Out & About: H.E.A.L. BFLO Yoga Retreat & Festival

This winter’s installment of the H.E.A.L. BFLO yoga retreat and festival, held Sunday, February 26 at Templeton Landing, was a strong curation of Western New York’s best yoga offerings and a perfect remedy for the winter blues. Yogis of all levels enjoyed a solid itinerary of yoga classes from Yin to Power, interactive aerial and acroyoga demonstrations, drumming and dancing, and a vast selection of 50+ yoga lifestyle vendors.

Photo by Glenn Murray.

The day-long festivities kicked off with a Kirtan performed by Yoga Parkside’s Megan Callahan, Kerrykate Abel, and Nick Stroczkowski. Their performance was a wonderful opening to warm participants’ bodies and voices up for the day’s events.

The first yoga offering was a Yin Flow instructed by Soma Cura Wellness Center’s Sue Zinter. Yin yoga focuses on a few key poses held for extended duration that work connective tissues and joints. Sue effortlessly worked the class with grace and moxie, guiding with strong vocal cues, and reminding the class to get out of their heads, be present, and enjoy themselves. It was a retreat, after all.

Kirtan, performed by Kerrykate Abel, Megan Callahan, and Nick Stroczkowski. Photo by Glenn Murray.

Stepping outside of Yin and into the corridor, one could see acroyogis from The Bird’s Nest — a new home base, performance space, and educational center for the acroyoga and circus arts — lead demonstrations for retreat goers. Liz Czapski, Bird’s Nest acroyogi, spouted enthusiasm for the acroyoga art form: “It’s a great way for us to cross pollinate yoga and acroyoga and make people realize you don’t have to be super flexible or to have experience in yoga…Just as you were starting yoga from the beginning, you could start acroyoga from the beginning and there is always something for everyone to do.”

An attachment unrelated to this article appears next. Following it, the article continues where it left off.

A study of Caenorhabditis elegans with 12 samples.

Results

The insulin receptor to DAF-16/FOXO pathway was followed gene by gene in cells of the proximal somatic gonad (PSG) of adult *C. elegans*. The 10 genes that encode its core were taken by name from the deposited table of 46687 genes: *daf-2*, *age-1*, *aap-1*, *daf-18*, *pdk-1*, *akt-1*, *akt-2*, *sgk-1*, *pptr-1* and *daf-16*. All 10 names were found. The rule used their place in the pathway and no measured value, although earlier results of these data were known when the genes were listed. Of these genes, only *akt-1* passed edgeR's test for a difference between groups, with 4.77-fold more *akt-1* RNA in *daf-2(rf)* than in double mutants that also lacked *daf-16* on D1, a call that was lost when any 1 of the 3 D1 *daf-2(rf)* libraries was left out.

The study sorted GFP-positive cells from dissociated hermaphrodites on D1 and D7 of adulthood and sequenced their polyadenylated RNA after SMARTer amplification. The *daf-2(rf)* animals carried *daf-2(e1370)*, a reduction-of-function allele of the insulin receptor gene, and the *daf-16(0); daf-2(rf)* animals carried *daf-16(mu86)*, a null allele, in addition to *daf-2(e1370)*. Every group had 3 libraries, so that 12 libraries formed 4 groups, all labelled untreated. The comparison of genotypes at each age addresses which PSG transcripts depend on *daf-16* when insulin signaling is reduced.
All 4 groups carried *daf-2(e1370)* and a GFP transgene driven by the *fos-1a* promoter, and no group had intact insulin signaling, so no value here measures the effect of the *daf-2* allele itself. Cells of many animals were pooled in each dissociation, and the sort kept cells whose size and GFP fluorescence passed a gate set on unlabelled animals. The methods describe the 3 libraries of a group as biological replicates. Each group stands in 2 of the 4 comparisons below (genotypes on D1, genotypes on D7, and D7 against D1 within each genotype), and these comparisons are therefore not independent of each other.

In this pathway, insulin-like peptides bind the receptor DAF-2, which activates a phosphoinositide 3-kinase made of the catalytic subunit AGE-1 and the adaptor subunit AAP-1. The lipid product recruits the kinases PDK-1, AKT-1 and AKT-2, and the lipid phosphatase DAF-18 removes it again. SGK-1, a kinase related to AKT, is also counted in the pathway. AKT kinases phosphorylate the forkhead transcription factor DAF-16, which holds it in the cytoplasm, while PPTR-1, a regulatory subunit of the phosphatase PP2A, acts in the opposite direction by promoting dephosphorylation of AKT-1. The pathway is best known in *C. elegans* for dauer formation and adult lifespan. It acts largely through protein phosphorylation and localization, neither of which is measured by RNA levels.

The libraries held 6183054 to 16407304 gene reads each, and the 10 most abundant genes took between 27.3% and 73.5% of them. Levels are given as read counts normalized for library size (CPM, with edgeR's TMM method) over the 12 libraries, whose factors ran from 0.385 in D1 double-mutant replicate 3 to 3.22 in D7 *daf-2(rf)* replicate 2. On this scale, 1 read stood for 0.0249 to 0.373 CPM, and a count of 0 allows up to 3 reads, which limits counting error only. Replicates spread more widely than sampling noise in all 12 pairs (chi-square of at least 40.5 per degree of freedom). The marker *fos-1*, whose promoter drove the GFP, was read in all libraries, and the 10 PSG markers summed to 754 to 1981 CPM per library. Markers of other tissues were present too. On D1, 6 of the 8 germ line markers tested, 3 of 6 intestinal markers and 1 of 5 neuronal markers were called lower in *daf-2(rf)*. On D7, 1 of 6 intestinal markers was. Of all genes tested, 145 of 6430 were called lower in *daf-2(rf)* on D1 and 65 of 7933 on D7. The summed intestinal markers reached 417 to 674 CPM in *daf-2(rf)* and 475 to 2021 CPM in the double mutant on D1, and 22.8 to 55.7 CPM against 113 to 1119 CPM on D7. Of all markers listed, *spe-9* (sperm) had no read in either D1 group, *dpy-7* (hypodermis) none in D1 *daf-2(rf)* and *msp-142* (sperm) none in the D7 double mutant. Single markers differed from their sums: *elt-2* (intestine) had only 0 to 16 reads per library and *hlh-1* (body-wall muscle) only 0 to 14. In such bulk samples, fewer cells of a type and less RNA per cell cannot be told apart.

Ben Madoff and Emilee Philips of the Bird’s Nest. Photo by Glenn Murray.

Liz, a previous participant in the group’s past H.E.A.L. BFLO events, mused about the growth of the event. In previous years, retreat goers were shy and less likely to engage with the acroyogis; in this year’s event, retreat goers warmed up and asked to participate more in the demonstrations.

Two yogis moved in tandem through the air as Liz beamed about the art poster beside them: “The idea behind the poster is to portray what our community looks like through a visual…We wanted to show all the different arts in visual form on the board and incorporate our vision for the space itself.”

Like the acroyoga artform itself, the artwork was a collaborative effort by the group. Members of the Bird’s Nest used mixed mediums of pencil drawings and colored photographs to portray the group’s evolution of approximately four years together. Liz stressed the importance of acceptance and inclusivity for the group: “We want people to know we’re a community where you’ll feel safe and comfortable. We want it to be inclusive to all no matter who you are, what your economic background is, or what difficulties you might have, we wanted accessibility for all.”

Photo by Glenn Murray.

An ambiance of community, acceptance, warmth, and self-care were consistent themes throughout the day’s events. Retreat participants enjoyed drumming and dancing, interactive lyra, and circ-yoga demonstrations led by UP Aerial Fitness. The restorative room was open for massages and reiki. Those who attended the afternoon open vinyasa with Carrie Jacobson of East Meets West, not only enjoyed a quality vinyasa class with drumming accompaniment, but also experienced savasana with a few words spoken by Arun Gandhi.

This edition of H.E.A.L. BFLO was a success for community connection and a relief from the winter’s chill. Visit their website for more H.E.A.L. BFLO events throughout the year. Be sure to check out the upcoming Bird’s Nest performance, “A Dream of Flying!,” 7 p.m., May 6, at 64 Fillmore Ave.